Upper elementary nonfiction standards naturally scaffold with the intent to take students from recognition of nonfiction features and the author’s craft and structure to the analysis of how those features play a role in the text’s main idea.
Each grade level has ten skills that students should become proficient in by the end of the year. By working on these skills, students prepare for a world where most of the texts they’ll read will be in a similar expository format.
Of course, our fiction units are oh so important, but if you’re on the quest to make teaching nonfiction units easy, you’re in the right place!
Start from the Beginning
Many of us begin the year teaching routines, procedures, how our classroom will run, and a long laundry list of expectations.
This process naturally lends its hand to our fiction units as they fit nicely within this timeframe. However, it may be beneficial to introduce the very basics of nonfiction at the beginning of the year too!
In the midst of completing reading surveys and exploring the library, ensuring that your avid nonfiction readers have a place to turn to is vital!
Learn the Standards
This one makes everyone groan. I know, this is boring, the standards change, the numbers are hard to keep straight, etc.
Well, if you’re like me and memorizing the standards and their corresponding numbers is not your thing, I have something for you.
Get a Planner (and Use It!)
I created a digital planner to help you refer to the standards easily and help you keep track of what you’ve taught, which students have shown proficiency, and which resources you can use to help students become successful!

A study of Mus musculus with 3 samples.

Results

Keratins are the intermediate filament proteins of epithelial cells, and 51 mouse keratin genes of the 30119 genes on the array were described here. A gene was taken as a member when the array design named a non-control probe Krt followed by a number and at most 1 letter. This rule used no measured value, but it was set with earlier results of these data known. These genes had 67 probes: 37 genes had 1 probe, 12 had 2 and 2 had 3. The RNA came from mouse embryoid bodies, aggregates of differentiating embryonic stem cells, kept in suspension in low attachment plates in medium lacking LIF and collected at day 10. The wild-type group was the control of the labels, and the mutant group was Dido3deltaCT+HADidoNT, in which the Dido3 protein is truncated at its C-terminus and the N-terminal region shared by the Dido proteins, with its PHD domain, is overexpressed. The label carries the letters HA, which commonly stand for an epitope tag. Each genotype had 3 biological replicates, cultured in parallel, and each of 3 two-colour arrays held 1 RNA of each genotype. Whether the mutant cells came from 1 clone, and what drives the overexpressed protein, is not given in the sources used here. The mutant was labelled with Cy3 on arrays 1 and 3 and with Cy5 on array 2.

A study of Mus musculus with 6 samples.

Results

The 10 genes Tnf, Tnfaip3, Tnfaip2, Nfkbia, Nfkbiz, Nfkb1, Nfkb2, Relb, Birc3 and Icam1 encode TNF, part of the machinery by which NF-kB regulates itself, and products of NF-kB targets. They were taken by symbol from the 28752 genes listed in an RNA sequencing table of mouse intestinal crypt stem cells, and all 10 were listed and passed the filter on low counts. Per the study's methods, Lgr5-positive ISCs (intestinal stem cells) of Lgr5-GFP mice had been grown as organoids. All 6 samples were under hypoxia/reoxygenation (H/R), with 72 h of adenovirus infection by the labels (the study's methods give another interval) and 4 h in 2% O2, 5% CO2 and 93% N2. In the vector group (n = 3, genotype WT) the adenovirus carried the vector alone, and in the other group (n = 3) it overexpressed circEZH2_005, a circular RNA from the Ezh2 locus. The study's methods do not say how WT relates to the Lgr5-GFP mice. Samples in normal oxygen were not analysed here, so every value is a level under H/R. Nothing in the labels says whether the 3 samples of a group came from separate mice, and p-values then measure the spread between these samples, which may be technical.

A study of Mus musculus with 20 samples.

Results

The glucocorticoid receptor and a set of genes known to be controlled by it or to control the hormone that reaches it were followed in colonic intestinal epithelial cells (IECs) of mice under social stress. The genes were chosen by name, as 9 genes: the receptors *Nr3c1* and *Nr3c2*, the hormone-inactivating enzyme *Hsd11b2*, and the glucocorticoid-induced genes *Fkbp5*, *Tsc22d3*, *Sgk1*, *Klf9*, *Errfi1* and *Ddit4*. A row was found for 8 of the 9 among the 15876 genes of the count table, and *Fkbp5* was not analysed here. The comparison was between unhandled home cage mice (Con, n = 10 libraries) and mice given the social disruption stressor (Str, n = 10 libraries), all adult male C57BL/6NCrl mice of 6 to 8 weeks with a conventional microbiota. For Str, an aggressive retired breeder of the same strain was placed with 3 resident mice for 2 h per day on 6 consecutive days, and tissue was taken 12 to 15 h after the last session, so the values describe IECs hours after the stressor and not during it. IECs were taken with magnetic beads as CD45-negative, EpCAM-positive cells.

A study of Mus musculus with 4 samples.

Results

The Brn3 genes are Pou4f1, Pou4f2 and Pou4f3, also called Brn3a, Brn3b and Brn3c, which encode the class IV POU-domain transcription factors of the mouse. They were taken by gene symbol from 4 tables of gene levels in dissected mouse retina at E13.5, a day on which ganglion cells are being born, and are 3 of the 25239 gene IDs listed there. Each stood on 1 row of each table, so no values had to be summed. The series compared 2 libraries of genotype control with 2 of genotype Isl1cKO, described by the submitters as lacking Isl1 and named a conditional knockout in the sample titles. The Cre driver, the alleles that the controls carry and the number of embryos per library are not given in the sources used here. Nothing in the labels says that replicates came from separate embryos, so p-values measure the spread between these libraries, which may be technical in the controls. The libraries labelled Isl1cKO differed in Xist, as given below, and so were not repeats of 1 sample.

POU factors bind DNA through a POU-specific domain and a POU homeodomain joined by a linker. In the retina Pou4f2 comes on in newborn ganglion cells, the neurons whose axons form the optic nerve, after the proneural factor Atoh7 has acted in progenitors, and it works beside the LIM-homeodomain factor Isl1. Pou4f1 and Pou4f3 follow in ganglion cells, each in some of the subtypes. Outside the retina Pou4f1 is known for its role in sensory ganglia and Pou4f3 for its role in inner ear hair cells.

To grab yours, click the link below to download this Google Sheet for your grade level.
Keep Track of Student Data
Keeping track of where each student is with the standards makes communicating with parents a breeze. It also allows you to determine your whole group and small group instruction without a headache.
If you know that Student 4, Student 9, and Student 17 have not yet shown proficiency in text structures, it’s easy to glance through your data, create a group, and pull a resource to ensure that these three students receive the support and instruction that they need to be successful.
Within the planner (linked above), there’s a tab that allows you to track student proficiency by standard with an easy color-coded checkbox system.
Come parent-teacher conference time, it’s easy to peek at each students’ data and communicate with parents.
I’ve found that this system also comes in handy during data meetings with your team, school staff, and principal.
Prep Your Teaching Materials Ahead of Time
Take a look at where the gaps are in your reading curriculum. Are you missing the necessary resources to teach paired texts, cause & effect, text structures, etc.?
If so, note what teaching materials you have and which you need to have a successful nonfiction unit.
You can use the tab titled “Nonfiction Unit Notes” in the planner to keep notes!
BONUS: Find Materials That WORK!
Within the planner, you’ll find that each nonfiction skill comes with links to paired resources specifically designed to align with the standards. Some are even freebies!
You can find these resources under the tab “Suggested Resources” within your planner!
You can also check out these comprehensive bundles below!